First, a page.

Art Yarn Recipe

I start by gathering fibers… in this case, mostly bits and pieces that are leftover from other projects, and which I save in a large jar.  I’d call this a “destash” batt, and at first it looks like a mess.  There’s merino and lots of Cormo, and some silk and sparkly novelty fiber:

IMG_3034My initial idea is to work with mostly primary colors…

IMG_3035I organize the original selection of fibers, now it looks more orderly.

IMG_3036Layer by layer, I create a batt that will have texture and shimmer and interesting color combinations throughout.  I’ll use this batt to craft some art yarn for making notecard images, and I want the colors to be vibrant and the yarn to be thick and thin.  I’ll add curly locks and fabrics when I spin it.

IMG_3037To unify the many colors in the batt and to add more glow, I add some topaz-toned bamboo fiber generously along the top layer by placing the bamboo fiber directly on the large drum.

IMG_3038This is the underside of the batt, visible as I remove the batt from the drum carder.  Those bright warm tones are the basic color “theme” of the batt…

IMG_3041And this is the shimmering top of the batt.  I can’t wait to spin this, to see the uncontrollable ways these beautiful colors will dance together.

IMG_3043I carefully divide the large batt into 10 smaller batts, which I’ll further divide as I spin.  Very yummy.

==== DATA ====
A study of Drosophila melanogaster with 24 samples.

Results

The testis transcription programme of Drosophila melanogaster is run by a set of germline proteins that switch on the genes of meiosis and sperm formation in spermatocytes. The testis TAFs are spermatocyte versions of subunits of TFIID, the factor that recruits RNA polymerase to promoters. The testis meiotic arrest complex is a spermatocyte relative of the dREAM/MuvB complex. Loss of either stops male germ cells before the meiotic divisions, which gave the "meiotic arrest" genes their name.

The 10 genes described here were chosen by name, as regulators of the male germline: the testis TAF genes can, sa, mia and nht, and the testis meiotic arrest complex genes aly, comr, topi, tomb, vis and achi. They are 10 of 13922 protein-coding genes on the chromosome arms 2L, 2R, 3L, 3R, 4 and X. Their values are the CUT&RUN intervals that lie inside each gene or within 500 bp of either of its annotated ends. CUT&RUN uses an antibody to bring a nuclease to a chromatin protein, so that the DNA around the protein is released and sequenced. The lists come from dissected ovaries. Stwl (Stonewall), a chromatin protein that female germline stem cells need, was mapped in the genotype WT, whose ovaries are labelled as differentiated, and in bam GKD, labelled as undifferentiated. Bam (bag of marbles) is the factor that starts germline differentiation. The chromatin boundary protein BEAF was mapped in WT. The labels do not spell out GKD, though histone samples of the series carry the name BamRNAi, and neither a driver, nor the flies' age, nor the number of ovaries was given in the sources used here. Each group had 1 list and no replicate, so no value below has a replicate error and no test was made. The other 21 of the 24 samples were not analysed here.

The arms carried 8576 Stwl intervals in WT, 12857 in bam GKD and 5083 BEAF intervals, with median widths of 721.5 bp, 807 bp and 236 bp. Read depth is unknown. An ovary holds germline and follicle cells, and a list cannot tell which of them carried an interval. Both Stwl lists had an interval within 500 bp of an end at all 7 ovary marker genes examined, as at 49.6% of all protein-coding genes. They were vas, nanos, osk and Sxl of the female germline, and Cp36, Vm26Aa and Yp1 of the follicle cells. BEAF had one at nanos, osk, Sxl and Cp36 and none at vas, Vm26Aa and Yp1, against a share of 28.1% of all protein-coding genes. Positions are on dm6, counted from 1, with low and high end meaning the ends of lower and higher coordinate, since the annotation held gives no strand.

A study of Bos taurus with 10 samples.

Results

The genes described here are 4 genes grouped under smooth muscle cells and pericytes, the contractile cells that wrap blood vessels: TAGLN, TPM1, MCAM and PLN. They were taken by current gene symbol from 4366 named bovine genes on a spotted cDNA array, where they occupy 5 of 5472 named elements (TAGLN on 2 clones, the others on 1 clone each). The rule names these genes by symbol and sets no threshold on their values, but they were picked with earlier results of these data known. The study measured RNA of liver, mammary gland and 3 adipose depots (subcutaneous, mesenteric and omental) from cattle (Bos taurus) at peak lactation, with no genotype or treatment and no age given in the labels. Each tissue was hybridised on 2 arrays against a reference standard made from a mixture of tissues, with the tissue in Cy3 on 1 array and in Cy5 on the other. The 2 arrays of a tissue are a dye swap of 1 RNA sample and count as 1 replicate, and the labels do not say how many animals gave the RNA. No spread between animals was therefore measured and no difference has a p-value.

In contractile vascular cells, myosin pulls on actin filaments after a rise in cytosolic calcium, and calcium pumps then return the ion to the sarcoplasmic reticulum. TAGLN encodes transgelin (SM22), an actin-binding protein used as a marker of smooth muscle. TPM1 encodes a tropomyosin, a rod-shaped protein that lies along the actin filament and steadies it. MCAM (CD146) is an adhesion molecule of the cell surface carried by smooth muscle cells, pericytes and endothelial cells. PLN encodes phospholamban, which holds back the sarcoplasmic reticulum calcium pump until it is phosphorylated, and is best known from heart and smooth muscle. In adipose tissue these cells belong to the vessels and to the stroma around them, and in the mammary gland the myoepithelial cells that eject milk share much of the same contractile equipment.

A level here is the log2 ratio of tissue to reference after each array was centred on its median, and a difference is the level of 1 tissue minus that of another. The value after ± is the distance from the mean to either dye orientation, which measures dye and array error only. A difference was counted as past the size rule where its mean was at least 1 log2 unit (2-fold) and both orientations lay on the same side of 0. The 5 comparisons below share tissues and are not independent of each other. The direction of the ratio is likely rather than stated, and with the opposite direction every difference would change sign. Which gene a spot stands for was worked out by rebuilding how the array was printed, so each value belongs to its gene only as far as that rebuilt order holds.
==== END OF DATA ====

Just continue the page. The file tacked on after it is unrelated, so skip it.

IMG_3044I’ve selected a variety of curly, white wool locks and some white fleece — all from raw fiber that I washed, including some sweet Cotswold lamb curls and Finn lamb fleece and some fat long wool locks; and I’ve torn strips of fabrics that include remnants from sari silk and some hand-dyed habotai silk: this will all be spun into the yarn, using my favorite drop spindle, a turquoise ceramic one that’s just heavy enough to make yarns that are exquisitely thin or really chunky.

IMG_3045The resulting yarn is just what I need to craft cards that I hope will delight, comfort, inspire and please: some areas are over-spun and will be full of twists and coils; in some places the white curly locks will add whimsical softness; the silk fabrics will glow and some of the silk fabric threads will be left to extend beyond the yarn, adding more texture; other places are barely spun so they look pillow-soft.  Each of these different textures feeds the senses in different ways, and the senses are restored and nourished.

The cards I’ll craft from this yarn will express all of this; they’ll each touch each viewer in a different and personal way; my intention is to add beauty and gentleness to the world, and by my humble effort, make the world a more beautiful and gentle place.



  1. I enjoyed reading about this yarn-making process and seeing glimpses of the equipment used for it. Viewing the vibrant colors of the fiber added warmth to this chilly fall day.

  2. It was a pleasure meeting you at Webster’s today. Thank you for treating me to a glimpse of your art. It inspired me.

    • It was MY pleasure, Jann! Thank you for your kind comment! Enjoy your time in central PA, and safe travels back to NY!